The Arizona Wildcats have fired head football coach Rich Rodriguez, UA athletic director Dave Heeke announced Tuesday.
The decision was based on several factors, including “the direction and climate of the football program,” according to a UA email co-signed by Heeke and UA president Robert C. Robbins.
The UA will honor the separation terms in Rodriguez’s contract — a $6.3 million buyout — and is initiating a national search for a new head coach, using a search firm to assist with the process.
“After conducting a thorough evaluation of our football program and its leadership, both on and off the field, President Robbins and I feel it is in the best interest of the University of Arizona and our athletics department to go in a new direction,” Heeke said in a statement.
“We’ll move through the coaching search in an effort to identify a head coach that will build a solid foundation for our program and create an identity of Arizona football that the University, Tucson and Southern Arizona communities can be proud of. We’re excited about the future of our football program and we look forward to introducing our new head coach at the completion of the search process.”
Rodriguez posted a 43-35 career record in six seasons at Arizona. The 54-year-old entered the 2017 season on the hot seat after going 3-9 in 2016, and while Arizona did improve to 7-6 in 2017, it lost four of its last five games including the Foster Farms Bowl.
However, Brett McMurphy reported Tuesday that Arizona had already decided to fire Rodriguez before that game.
Rodriguez also had legal issues, as he was accused of sexual harassment in Oct. 2017. An internal investigation found the claims unsubstantiated based on evidence and witnesses, but “Arizona Athletics did become aware of information, both before and during the investigation, which caused it to be concerned with the direction and climate of the football program,” a UA email said.
A tidbit from USA Today could suggest why Arizona waited until after the New Year to let Rodriguez go:
Rodriguez’s contract runs through May 31, 2020.
Using Jan. 1, 2018, as the termination date, under the terms of the agreement, being fired for cause would cost Rodriguez at least $10.2 million. That includes more than $3 million that would have been owed, or vested, to Rodriguez had he been Arizona’s head football coach on March 15.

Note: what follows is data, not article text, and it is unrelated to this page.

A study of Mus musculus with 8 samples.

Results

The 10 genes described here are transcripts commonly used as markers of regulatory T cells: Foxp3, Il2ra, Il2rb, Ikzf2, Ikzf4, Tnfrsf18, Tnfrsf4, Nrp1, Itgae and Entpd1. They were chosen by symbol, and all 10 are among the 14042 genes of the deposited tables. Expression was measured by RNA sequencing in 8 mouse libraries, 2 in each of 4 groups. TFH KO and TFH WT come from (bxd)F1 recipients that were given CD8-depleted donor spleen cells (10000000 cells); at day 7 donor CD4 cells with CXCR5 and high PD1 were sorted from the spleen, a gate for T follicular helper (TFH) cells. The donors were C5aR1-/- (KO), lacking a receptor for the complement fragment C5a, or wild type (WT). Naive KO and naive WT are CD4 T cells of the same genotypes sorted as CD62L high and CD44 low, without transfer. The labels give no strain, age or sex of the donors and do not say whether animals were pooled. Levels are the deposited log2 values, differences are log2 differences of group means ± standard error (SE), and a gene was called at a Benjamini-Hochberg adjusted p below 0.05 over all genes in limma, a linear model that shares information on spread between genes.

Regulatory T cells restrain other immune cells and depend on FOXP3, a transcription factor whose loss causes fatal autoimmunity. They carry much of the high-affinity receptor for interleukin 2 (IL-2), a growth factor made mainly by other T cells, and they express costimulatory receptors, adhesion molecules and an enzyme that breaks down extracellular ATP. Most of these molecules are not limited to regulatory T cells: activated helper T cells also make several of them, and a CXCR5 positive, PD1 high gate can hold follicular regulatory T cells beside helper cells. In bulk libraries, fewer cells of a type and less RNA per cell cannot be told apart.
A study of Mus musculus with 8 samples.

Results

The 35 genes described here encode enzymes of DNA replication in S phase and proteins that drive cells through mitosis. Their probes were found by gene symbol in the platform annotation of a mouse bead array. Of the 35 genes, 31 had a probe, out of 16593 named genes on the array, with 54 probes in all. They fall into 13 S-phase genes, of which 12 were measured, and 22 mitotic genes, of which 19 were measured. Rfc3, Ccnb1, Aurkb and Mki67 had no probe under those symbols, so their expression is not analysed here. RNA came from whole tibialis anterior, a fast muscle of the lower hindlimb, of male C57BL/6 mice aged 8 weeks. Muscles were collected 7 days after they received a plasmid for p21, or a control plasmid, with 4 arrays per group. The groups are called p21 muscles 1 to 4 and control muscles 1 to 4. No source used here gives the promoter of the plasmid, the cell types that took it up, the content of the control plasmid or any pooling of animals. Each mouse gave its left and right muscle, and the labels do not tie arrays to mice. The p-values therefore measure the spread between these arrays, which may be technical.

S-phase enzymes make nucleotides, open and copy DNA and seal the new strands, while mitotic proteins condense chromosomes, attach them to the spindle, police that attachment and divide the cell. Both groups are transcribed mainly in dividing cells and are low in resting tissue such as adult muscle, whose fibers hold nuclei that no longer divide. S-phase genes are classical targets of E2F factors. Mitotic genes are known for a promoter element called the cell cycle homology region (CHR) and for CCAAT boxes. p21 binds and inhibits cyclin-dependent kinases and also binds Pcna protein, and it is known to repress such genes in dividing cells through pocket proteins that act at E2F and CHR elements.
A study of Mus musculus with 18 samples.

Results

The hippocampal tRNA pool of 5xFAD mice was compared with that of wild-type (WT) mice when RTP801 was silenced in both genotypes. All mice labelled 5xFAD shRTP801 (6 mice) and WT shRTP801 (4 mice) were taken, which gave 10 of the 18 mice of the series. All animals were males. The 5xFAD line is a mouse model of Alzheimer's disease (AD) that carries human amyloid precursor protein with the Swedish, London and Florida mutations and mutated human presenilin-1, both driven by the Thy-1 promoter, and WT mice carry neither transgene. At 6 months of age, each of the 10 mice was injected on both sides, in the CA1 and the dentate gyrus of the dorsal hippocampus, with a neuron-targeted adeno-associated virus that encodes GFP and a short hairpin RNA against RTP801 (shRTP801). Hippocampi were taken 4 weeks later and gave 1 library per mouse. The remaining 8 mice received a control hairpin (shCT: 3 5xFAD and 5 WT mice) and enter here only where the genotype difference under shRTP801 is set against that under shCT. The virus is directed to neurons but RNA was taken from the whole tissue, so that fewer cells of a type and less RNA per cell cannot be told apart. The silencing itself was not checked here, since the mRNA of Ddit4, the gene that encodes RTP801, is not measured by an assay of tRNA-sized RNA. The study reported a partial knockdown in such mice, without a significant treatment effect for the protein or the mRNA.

Here is the full email co-signed by Heeke and Robbins that was sent out to UA students, faculty, and staff on Tuesday night:
Today is a difficult day for the University of Arizona but also a day on which we reaffirm our commitment to our values—and to ourselves.
This evening, we informed Head Football Coach Rich Rodriguez that we have terminated his employment effective immediately and will honor the separation terms of his contract. The decision is based on several factors, including the direction and climate of our football program.
Let us share with you what we are able to at this time.
In October 2017, the University’s Office of Institutional Equity retained outside counsel to investigate allegations of sexual harassment against Mr. Rodriguez, after a former employee in the Department of Athletics alleged that Mr. Rodriguez harassed her on multiple occasions. Like all University employees, Mr. Rodriguez is entitled to a fair investigation and due process and at no time has the University believed that Mr. Rodriguez posed any danger to a member of the community.
The law firm of Cohen Dowd Quigley was retained by the Office of Institutional Equity to conduct a comprehensive investigation into the allegations made by the former employee and that investigation began in October. After her initial report to the University in October, the former employee retained counsel and declined multiple requests from the University to participate in the investigation into her allegations. In addition, she was unwilling to turn over communications that she alleged provided support for her allegations and recently filed a notice of a financial claim against Mr. Rodriguez.
The investigation, which concluded on December 28, 2017, found that the original specific harassment allegations against Mr. Rodriguez could not be substantiated based on the evidence and witnesses available to it. However, Arizona Athletics did become aware of information, both before and during the investigation, which caused it to be concerned with the direction and climate of the football program.